True Repentance

by Dr. William B. Knippa

Every once in a while I hear our pastor say how we all sin much daily. What does he mean? What does it mean to repent of our sin?


Scripture teaches that we cannot not sin, that our natural human condition, apart from God’s grace and the faith He creates, is a life separate from and hostile to God. In this state, we pursue only self-preservation, self-gratification, and self-exaltation. In his vivid words, Martin Luther described it as having a heart “curved in on itself.” As such, we are unable to live in complete obedience to God’s command to love Him with all our heart, soul, mind, and strength, and to love our neighbors as ourselves. The Holy Spirit, working through that holy but unattainable expectation, brings us to cry, “If we say we have no sin, we deceive ourselves, and the truth is not in us” (1 John 1:8 ESV). This is being honest about the reality of our condition, and leads to repentance.

In Scripture, the word repent means to “turn.” As a sunflower turns its face to the sun for light and growth, so we, when we repent, turn from our sinful selves and turn to the face of God enfleshed in Jesus. We no longer perceive ourselves as self-sufficient, but as being in desperate need of the sufficiency of Christ’s sacrifice on the cross. And God hears and answers our cry: “If we confess our sins, He is faithful and just to forgive us our sins and to cleanse us from all unrighteousness” (1 John 1:9). The bad news is that we do sin daily. The good news is that God forgives freely!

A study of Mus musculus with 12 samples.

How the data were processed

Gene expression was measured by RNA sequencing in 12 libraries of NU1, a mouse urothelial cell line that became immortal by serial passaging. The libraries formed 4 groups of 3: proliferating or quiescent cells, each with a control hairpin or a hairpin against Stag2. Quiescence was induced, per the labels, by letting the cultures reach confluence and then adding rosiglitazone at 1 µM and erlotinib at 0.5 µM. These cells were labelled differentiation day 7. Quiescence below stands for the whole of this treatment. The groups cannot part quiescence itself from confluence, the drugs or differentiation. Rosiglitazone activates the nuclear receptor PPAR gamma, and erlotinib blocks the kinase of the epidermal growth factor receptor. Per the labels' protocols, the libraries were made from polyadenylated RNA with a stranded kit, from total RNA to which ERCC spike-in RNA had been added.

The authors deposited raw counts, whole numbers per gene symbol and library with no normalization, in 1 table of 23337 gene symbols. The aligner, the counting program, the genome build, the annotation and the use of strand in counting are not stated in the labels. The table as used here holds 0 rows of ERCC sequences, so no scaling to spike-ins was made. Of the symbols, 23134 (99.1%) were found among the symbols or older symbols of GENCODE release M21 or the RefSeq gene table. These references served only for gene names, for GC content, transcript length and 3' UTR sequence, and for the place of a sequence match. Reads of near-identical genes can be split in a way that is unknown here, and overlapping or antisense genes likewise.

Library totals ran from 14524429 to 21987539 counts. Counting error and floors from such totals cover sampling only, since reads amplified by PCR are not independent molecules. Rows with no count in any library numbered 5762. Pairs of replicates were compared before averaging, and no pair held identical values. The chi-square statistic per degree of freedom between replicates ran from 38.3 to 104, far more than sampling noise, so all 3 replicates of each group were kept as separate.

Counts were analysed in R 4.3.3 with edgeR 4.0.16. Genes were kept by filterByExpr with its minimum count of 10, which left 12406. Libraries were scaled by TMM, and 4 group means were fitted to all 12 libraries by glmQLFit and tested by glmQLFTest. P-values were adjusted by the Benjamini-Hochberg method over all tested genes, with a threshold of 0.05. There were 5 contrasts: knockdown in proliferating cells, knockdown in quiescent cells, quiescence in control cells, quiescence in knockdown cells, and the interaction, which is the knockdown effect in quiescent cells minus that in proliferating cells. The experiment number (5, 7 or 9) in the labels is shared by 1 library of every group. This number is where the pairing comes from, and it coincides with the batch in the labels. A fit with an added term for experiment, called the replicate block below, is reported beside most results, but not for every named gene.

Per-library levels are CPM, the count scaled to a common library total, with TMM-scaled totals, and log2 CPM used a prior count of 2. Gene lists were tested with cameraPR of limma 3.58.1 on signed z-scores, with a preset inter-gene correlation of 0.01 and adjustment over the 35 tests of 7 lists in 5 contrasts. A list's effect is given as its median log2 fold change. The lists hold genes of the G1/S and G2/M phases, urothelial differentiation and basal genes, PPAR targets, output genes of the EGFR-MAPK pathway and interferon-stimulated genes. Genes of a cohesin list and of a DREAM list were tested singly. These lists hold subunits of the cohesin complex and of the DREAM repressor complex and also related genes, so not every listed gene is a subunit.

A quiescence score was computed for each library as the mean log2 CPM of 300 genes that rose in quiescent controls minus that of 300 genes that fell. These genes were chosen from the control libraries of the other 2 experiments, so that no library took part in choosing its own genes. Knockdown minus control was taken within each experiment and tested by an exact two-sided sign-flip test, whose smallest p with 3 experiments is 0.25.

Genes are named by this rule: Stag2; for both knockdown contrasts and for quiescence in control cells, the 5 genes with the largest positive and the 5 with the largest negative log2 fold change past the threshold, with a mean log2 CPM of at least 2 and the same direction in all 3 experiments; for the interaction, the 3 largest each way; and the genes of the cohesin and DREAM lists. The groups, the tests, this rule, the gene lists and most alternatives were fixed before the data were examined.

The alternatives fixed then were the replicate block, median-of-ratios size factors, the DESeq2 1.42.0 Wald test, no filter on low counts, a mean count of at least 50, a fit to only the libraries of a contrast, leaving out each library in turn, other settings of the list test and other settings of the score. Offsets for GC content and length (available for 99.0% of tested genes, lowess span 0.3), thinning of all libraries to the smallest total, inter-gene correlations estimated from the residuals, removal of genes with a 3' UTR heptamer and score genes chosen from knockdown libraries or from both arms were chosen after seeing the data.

Questions for “Family Counselor” come from readers and, after steps are taken to assure confidentiality, from contacts made with Lutheran Hour Ministries. Send your questions to “Family Counselor,” The Lutheran Witness, 1333 S. Kirkwood Road, St. Louis, MO 63122-7295. Please include your name and address.